White Sox trade reliever Jake Cousins to Yankees for cash considerations; Erick Fedde delivers solid debut

The White Sox traded right-handed reliever Jake Cousins to the Yankees on Sunday for cash considerations.

He had a 4.82 ERA in 9⅓ innings in nine relief appearances for the Brewers last season.

Cousins wasn’t on the Sox’ 40-man roster in December. He signed a minor-league contract with the team on Dec. 5. He appeared in seven spring games and had a 1.29 ERA.

Fedde’s debut

The only thing the Sox could have asked for from Erick Fedde is more length. The right-hander allowed two runs and had seven strikeouts and one walk in 4⅔ innings.

Fedde, who threw 96 pitches, said he was frustrated about being unable to go deeper in the game. He acknowledged that running counts full after going ahead 1-2 contributed to his early exit.

“I don’t want guys coming in here thinking it’s a five-and-dive type of game,” manager Pedro Grifol said. “That’s not what we’re looking for. On the way out, [Fedde] said I wish I could get those two pitches back, and my answer to him is, you pitched a hell of a ballgame. Let’s build from here and keep going.”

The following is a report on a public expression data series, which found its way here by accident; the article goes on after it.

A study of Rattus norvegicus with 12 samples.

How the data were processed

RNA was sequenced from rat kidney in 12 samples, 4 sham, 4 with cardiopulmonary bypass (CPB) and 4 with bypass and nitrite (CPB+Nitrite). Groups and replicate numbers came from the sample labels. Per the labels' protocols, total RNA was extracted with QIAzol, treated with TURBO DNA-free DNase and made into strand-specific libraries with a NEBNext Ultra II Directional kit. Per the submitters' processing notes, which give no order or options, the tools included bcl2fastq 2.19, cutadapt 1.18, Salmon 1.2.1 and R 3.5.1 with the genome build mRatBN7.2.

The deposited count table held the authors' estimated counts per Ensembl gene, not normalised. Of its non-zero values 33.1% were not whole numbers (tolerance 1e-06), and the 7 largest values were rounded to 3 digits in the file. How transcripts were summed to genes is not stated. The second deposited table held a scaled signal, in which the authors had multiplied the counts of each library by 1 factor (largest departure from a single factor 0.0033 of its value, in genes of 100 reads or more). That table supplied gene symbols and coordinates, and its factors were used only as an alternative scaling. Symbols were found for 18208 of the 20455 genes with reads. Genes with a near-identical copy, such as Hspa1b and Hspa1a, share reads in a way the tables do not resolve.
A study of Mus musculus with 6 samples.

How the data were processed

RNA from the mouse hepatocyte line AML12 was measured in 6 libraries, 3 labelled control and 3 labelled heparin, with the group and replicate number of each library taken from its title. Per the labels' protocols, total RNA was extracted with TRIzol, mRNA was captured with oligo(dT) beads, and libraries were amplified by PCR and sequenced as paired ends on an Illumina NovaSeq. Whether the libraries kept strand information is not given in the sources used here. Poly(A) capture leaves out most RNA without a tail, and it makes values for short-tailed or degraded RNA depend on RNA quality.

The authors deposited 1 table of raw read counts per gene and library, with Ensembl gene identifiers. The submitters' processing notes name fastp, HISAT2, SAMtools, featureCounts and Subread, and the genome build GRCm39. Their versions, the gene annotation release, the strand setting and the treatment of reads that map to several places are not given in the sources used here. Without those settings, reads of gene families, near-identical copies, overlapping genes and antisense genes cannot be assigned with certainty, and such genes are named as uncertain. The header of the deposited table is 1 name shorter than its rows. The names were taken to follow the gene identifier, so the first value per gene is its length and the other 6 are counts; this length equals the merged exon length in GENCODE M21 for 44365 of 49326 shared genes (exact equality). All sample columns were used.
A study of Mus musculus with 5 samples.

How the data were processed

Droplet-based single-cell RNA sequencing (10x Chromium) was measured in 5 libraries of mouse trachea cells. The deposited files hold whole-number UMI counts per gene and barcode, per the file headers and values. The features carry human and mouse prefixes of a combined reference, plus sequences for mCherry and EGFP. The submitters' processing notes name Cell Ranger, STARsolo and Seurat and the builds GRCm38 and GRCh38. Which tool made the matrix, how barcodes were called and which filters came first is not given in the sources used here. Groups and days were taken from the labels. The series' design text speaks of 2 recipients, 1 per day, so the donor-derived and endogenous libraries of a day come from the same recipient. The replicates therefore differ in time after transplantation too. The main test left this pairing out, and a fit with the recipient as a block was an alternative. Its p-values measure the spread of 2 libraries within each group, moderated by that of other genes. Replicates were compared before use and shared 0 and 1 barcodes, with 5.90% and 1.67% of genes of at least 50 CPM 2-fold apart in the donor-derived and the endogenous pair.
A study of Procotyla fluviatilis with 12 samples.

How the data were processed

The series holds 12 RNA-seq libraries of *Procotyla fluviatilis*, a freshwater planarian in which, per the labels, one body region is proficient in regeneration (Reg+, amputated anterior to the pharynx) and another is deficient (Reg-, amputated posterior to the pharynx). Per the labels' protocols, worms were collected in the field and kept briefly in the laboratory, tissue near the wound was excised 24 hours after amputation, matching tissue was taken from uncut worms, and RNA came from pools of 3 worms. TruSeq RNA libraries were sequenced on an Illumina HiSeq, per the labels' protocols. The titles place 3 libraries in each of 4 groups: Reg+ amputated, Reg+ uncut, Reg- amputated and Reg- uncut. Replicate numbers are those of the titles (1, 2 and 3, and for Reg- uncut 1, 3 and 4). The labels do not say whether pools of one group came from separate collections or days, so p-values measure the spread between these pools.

Fedde allowed two solo home runs off his sweeper. He said he wants to work on landing the pitch and working more efficiently when he’s ahead in the count. His sinker worked for him, generating four swings-and-misses.

The game was Fedde’s first back in the majors after he spent the 2023 season in the Korean Baseball Organization.

“When you’re coming off a year where you throw 180-something innings and win MVP, you’re always going to feel like you can go more,” Grifol said of Fedde. “The mindset I want from our starters is to come in here and start the game and want to close the game. That’s the mindset you’ve got to have if you’re going to be a really elite starter, and he’s got that mindset.”

Fedde was tentative in his approach, knowing the quality of major-league hitters.

“I try not to think too much about the difference and just execute my pitches, but, overall, I was maybe shying away from contact more than I should have,” Fedde said. “I just kept pulling my sweeper over the left side to the point where it wasn’t competitive today.”

Kopech in the bullpen

The Sox announced on March 14 that former starter Michael Kopech would transition to the bullpen. Kopech threw 1⅔ scoreless innings in Sunday’s series finale against the Tigers, striking out three and allowing no walks or runs.

“To simplify things for myself and go out there and be able to throw the ball with a good level of intent and not feel like I’m sacrificing command for velocity, it’s a good place for me to find my rhythm again,” Kopech said. “I’ve been out there — nobody wants to say this — trying to throw as hard as I can.”

“In the past, his downfall was not being competitive in the zone,” said catcher Korey Lee, who hit a solo homer in the third inning. “Now he’s filling up the strike zone, letting guys work and making them hit his pitches.”